May 23, 2007
Baroody’s Withdrawal of Nomination for Top Product Safety Post Is a Win for Consumers
Statement of Public Citizen President Joan Claybrook
Public Citizen welcomes Michael Baroody’s decision to withdraw from consideration as the chair of the Consumer Product Safety Commission (CPSC). His nomination to this critical post was astoundingly inappropriate and would have put American families at further risk because of his interest in weakening safeguards against potentially dangerous products. More than 27,000 deaths and 33 million injuries each year are associated with consumer products under the CPSC’s jurisdiction.
Baroody walked away from his Senate hearing on Thursday, which would have been his chance to publicly explain how a career lobbyist for the nation’s most powerful manufacturers association was qualified to chair the agency responsible for protecting consumers from unsafe products and industry negligence. Baroody is currently the executive vice president for the National Association of Manufacturers (NAM) and has spent most of his professional life as a lobbyist and political operative on behalf of corporate interests.
While Baroody was at NAM, the organization consistently supported weakening product safety rules for the financial gain of its members, as a recent Public Citizen analysis shows. In an unusual move, Baroody was to receive a $150,000 severance package from NAM to soften the financial blow of his return to the public sector, and thus could not have participated in decisions involving NAM or, arguably, its member companies. A still-secret addendum to this package could have included even more money. This was another tangible example of conflicts of interest that would have severely compromised his ability to regulate the companies he used to represent.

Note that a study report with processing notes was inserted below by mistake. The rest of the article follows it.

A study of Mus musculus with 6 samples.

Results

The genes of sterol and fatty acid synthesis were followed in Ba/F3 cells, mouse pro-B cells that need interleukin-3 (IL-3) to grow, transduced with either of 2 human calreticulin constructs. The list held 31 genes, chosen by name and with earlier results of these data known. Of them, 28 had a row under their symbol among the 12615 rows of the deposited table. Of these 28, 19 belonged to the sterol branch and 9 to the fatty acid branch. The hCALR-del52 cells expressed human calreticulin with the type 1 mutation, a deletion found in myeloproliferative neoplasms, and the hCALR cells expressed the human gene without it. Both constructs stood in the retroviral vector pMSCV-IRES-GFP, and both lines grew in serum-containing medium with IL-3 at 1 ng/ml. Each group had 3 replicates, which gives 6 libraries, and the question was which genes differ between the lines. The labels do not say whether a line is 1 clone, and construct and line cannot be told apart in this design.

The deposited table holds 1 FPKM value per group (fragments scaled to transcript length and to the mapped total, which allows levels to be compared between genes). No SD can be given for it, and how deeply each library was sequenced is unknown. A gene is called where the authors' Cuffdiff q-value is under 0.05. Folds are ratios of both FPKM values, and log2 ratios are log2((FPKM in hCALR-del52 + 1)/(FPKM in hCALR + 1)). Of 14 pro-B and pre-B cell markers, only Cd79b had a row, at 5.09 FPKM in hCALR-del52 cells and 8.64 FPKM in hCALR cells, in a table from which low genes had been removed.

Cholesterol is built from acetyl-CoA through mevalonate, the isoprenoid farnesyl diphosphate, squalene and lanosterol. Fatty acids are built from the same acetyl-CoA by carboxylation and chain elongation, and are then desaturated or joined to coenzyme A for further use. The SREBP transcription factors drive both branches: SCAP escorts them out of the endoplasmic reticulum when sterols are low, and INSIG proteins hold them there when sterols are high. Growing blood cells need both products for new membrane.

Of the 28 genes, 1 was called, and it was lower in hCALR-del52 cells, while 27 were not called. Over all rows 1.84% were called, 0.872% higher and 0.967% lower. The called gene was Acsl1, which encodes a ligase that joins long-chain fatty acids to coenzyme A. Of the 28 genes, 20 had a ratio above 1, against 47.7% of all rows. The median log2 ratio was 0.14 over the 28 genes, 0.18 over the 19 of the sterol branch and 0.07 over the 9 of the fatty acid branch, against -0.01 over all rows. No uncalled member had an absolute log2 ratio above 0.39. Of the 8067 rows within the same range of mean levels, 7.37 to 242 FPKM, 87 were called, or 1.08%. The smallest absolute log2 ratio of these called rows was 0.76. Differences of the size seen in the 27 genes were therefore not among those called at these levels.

The CPSC has the safety of at least 15,000 consumer products under its jurisdiction, including many products that are used by children, such as strollers, cribs, high chairs and toys. Nothing in Baroody’s record suggested that he was qualified for this post or interested in the welfare of American families.
We praise those senators who took the Bush administration to task for recommending a nominee whose real mission would have been gutting the regulations he was charged with upholding. The American public deserves a CPSC chair who will represent their interests, not those of business cronies.